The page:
6 – He Was an Unabashed Anti-Semite
Joseph became the United States Ambassador to the United Kingdom in March 1938, and things got off to a fine start. The other diplomats were terrified of him, and the British press were clamoring to learn more about the Kennedy family. By this time, Adolf Hitler was threatening war and Joseph had no desire to see his nation involved. He favored the appeasement strategies of British Prime Minister, Neville Chamberlain, and had no faith in Britain winning a conflict with Germany.
According to Harvey Klemmer, who worked with Joseph at the Maritime Commission, Kennedy was a casual anti-Semite. He apparently said: “Individual Jews are all right, Harvey, but as a race, they stink – Look what they did to Hollywood.” During a fiery meeting with German ambassador, Von Dirksen, Joseph said: “They brought it on themselves.” Although his views softened after the Kristallnacht attacks, Joseph hoped the Nazis could be bought off to ensure that America did not have to enter any war.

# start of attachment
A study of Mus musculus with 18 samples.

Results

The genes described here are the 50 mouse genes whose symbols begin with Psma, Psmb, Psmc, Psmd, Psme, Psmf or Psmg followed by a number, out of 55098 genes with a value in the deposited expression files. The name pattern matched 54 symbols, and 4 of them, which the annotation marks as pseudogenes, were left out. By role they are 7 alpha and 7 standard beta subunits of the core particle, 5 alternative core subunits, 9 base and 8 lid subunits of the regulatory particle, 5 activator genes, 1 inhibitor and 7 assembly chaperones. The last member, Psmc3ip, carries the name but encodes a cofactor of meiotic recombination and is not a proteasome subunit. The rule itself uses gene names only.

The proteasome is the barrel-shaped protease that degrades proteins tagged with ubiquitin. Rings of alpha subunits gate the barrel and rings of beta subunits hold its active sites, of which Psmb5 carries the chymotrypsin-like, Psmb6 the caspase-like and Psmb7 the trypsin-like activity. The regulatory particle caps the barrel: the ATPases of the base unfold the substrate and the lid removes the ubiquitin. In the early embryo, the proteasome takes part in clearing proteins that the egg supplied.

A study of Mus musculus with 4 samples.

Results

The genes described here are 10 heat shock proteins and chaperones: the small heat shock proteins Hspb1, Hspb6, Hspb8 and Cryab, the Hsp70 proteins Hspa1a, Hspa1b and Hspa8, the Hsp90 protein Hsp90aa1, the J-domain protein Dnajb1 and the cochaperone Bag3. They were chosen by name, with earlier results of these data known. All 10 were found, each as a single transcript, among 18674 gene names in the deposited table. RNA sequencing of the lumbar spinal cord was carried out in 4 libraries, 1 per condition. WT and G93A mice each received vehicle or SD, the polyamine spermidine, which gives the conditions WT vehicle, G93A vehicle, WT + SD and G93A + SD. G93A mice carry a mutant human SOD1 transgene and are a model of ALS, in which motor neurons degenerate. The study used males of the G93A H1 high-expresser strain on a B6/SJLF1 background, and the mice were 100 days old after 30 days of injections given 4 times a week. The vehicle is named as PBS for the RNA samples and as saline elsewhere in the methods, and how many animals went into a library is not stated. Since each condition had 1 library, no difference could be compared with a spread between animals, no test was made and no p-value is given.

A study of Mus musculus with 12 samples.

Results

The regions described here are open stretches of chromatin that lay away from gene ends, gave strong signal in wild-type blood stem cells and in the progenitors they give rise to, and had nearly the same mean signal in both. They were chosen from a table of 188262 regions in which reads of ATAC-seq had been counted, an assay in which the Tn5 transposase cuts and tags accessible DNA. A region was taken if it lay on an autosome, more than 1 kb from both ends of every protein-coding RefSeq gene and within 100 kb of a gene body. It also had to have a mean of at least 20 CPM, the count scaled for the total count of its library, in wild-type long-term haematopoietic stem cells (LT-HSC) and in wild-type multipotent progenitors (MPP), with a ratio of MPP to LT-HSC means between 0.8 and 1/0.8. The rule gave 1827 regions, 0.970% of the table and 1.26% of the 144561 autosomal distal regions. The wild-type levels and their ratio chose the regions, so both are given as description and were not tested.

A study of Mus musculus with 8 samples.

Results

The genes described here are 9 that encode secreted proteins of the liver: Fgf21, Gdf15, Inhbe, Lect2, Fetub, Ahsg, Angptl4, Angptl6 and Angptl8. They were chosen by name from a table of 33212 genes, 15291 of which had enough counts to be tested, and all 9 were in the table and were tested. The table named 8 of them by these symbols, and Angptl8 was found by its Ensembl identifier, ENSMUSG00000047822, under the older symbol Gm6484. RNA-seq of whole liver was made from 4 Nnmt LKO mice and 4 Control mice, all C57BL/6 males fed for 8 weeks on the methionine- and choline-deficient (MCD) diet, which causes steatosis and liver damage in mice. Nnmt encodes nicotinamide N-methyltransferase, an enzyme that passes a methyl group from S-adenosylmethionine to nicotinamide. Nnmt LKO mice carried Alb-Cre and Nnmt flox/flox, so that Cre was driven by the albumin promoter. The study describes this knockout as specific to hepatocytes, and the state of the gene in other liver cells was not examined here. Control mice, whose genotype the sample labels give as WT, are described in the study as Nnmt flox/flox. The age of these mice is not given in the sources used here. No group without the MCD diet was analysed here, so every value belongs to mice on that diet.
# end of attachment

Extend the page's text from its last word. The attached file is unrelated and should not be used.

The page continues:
Joseph allegedly had a plan to ship every Jew in Germany to Africa, or to a British or American colony. Roosevelt shut the idea down, but Kennedy refused to change his stance on Jews. It is notable that he wasn’t particularly interested in the plight of the Jews. His main hope was that the Nazis wouldn’t follow through on their awful plan because of a fear that public opinion in America would turn against Hitler.
Joseph’s later attempts to clear his name were a complete disaster; none more so than a 1944 interview with two journalists by the name of Joe Dinneen and Lawrence Spivak. He began his defense thusly: “It is true that I have a low opinion of some Jews in public office and private life.” He went on to say that despite his obvious dislike of them, he didn’t think they should be wiped off the face of the earth. Kennedy concluded by saying his dislike was colored by his business dealings with them.